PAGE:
Wednesday, August 31, 2011

The 2011-2012 Regression Based Analysis

I really want to beat Justin. Not just "sort of" beat Justin. I want to wipe that ACC smirk of his face and really give him the business.

The bad news is that RBA is up to 73.2% accuracy since 2000 while TFG is at 74.0%, implying that Justin gets approximately 5.3 games per year more than I do. However, I have been making significant strides on the difference between expected accuracy and actual accuracy. As of today, the difference between my predicted and actual performance is down to 0.2%, meaning that I miss 1.3 games per year more than I think I should. This manifests itself as an improvement in the confidence metric, implying that I may yet beat him in the TFD pick 'em pool.

The major update to RBA comes in the form of conference versus non-conference home field advantage. Teams that play each other every year are less phased by harsh environments, whereas teams that infrequently travel into opposing stadiums are more rattled. Based upon my data since 2000, home field advantage is worth approximately 1.9 PPH in conference games. In contrast, home field advantage is worth 3.6 PPH in non-conference games.

I experimented with a lot of different home field advantage metrics throughout the summer, including per-team advantage, linear regressions by strength, and linear regression by strength difference. These features generally caused drops by 1% accuracy or more. Justin suggests that attendance makes a difference, but I don't have a way to get these numbers into the algorithm.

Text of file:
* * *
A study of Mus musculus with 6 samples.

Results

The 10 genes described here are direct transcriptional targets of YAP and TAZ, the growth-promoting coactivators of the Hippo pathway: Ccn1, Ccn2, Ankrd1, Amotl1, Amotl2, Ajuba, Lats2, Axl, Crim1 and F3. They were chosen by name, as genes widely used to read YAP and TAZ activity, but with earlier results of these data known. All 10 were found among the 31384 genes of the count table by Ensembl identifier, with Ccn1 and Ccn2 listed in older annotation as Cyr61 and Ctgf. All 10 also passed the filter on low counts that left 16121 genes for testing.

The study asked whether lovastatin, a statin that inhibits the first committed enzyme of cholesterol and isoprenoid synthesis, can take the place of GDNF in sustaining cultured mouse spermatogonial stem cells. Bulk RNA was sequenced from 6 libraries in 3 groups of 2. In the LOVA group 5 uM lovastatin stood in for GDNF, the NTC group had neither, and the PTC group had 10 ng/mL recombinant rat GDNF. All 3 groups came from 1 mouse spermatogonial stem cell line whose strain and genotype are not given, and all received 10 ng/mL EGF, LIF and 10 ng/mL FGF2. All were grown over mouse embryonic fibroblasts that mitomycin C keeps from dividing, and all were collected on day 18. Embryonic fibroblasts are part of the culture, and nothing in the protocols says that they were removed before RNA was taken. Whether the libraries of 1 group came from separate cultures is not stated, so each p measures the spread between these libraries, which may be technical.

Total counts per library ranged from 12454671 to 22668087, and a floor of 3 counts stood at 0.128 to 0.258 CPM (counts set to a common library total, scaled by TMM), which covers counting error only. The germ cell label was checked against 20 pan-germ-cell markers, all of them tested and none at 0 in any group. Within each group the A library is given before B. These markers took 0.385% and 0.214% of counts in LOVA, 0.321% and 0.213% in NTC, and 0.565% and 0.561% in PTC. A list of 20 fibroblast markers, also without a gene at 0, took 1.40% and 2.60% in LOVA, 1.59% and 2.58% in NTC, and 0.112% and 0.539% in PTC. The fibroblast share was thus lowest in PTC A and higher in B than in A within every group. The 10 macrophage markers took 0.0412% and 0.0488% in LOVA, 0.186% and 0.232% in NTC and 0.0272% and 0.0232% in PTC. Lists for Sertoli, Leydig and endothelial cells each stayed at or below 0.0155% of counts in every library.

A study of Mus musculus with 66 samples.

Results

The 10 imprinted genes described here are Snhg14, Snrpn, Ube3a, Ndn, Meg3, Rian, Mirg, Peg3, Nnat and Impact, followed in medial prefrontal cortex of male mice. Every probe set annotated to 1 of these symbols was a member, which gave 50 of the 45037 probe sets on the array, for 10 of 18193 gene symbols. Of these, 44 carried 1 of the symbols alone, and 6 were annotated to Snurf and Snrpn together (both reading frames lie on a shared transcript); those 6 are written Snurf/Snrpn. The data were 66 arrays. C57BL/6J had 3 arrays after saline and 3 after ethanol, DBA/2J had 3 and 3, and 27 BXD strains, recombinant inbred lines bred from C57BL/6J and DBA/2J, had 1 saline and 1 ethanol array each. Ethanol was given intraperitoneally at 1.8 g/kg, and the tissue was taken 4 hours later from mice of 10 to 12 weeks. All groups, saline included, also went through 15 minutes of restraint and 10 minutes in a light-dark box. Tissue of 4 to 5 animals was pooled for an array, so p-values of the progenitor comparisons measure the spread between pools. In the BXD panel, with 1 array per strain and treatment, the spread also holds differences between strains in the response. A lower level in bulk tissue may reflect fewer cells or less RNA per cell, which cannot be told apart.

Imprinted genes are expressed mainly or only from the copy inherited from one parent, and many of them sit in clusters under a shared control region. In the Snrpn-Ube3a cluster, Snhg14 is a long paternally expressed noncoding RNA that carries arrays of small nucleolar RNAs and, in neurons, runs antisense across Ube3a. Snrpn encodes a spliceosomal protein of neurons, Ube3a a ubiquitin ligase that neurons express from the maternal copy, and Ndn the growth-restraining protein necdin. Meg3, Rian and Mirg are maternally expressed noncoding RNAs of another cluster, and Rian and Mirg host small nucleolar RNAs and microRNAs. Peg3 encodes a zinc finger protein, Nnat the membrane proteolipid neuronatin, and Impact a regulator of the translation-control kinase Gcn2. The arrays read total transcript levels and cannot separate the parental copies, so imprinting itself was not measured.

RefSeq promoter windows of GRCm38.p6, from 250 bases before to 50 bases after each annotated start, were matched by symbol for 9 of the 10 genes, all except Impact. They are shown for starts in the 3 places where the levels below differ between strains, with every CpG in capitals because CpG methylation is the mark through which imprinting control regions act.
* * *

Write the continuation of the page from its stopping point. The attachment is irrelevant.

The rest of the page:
One of the ideas that Justin and I have thrown around is changing predictors when we detect a lot of mispredictions. I took a shot at this by pruning history when encountering N consecutive mispredictions and had very poor results. In general, I don't tend to miss many consecutive picks. Furthermore, by time we detect the change (presumably due to injury, suspension, or whatever), the change has corrected itself, meaning that we miss even more games later.

In summary, there have been major experiments but only minor tweaks in the RBA algorithm during the summer of 2011. However, I'm relatively confident that RBA will keep it close during the 2nd Annual TFD College Football Pick 'Em.

Tuesday, August 30, 2011

Welcome to the 2011-2012 season

Welcome to the 2011-2012 college football season!

After a lengthy slumber the Tempo-Free Gridiron is back for the new year, and the theme of this year is "More Content." Our goal for this year is provide you with more interesting and more frequent updates to keep you coming back for more. In addition to a new look, we've got a slew of new regular features for our readers throughout the year. These include:

  • Tuesday Trivia. Each Tuesday in September will explore a random trivia topic. We've done this before, but now we're making it official.
  • Undefeated Countdown. We did this last year in a somewhat ad-hoc manner, but this year we're doing it every other Thursday starting in October. We'll examine the remaining undefeated teams, their possible road to a perfect season, and the main obstacles in their way.
  • Conference Projections. Starting in October we'll have a weekly breakdown of the 12 conferences, spread out over three days. These breakdowns will include both the current standings and the projected final standings. The schedule will be:
    • Tuesday: ACC, Big East, Conference USA, Independents
    • Wednesday: Big Ten, Big XII, Mid-Atlantic, Mountain West
    • Thursday: SEC, Pac-12, Sun Belt, WAC
  • Games of the Week. Along with weekly predictions we'll focus on specific Saturday games that are interesting in some way or another. These may be the top-billed games on ESPN that week, or they may be a showdown of two middle-of-the-pack teams that pit an explosive offense against an impressive defense -- the Unstoppable Force/Immovable Object (UFIO) game -- or simply the game that's expected to turn into a shootout.
This is all on top of our weekly predictions, discussions, rankings, and complete bowl coverage that we've provided the previous years. Keep an eye on the blog or follow us on Twitter.